The digital signal processor is approaching the ubiquity of the PC microprocessor in applications, market segments, and revenues, according to Cahners In-Stat Group, a high-tech market research firm based in Scottsdale, Ariz.
DSP revenues in 1999 were almost $4.4 billion, compared with $3.5 billion in 1998, according to In-Stat.At an estimated annual compound annual growth rate of 34.2% across five years, DSPs will reach revenues of over $19 billion in 2004, a figure that is comparable with today's revenue yield of PC processors.
According to Max Baron, principal analyst for In-Stat's Semiconductor Service, "The DSP has become inseparable from the principal technologies that are evolving now, covering aspects in multimedia processing, human-machine interfaces, communications and control."
In addition, the DSP is evolving as a new semiconductor technology as chip prices fall and performance rises as a result of design shrinks.
Together with mixed-signal technology that delivers the capability of interfacing to the external world for input and output, the DSP is replacing large, costlier and less reliable parts with more precise, intelligent control, the market researcher found.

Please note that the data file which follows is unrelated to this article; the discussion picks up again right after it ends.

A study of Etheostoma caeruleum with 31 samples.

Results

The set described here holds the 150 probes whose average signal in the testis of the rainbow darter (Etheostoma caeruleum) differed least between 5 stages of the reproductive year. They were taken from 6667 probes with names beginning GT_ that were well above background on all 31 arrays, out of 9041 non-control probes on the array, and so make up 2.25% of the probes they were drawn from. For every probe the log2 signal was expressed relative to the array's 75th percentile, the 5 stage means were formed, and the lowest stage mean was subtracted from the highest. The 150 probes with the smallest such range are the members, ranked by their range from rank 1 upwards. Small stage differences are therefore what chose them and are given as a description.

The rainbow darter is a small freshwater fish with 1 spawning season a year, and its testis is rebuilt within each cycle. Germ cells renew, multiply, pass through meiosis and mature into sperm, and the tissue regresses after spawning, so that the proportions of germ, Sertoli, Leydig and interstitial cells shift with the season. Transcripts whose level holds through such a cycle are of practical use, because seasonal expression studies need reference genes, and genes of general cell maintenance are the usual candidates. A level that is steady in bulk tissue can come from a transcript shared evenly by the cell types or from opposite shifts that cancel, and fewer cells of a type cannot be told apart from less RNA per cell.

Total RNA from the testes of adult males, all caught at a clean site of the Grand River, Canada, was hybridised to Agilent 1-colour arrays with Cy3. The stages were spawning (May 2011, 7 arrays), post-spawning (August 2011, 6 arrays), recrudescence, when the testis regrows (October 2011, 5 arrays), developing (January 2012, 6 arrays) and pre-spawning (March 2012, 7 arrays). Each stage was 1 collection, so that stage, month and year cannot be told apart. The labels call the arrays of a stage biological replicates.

Compared to 1999, the fastest growing DSP application revenues are expected to be in the consumer segment as multimedia processing and wired and wireless communication penetrate residences, said In-Stat. Also, for similar reasons, the transportation segment will show fast increasing revenues as the same technologies and controls are introduced in cars.
Most of the revenue will continue to be generated by the 16-bit, fixed-point architectures, closely followed by the fixed point 20-bit and over group, with floating point DSP coming in last, In-Stat said.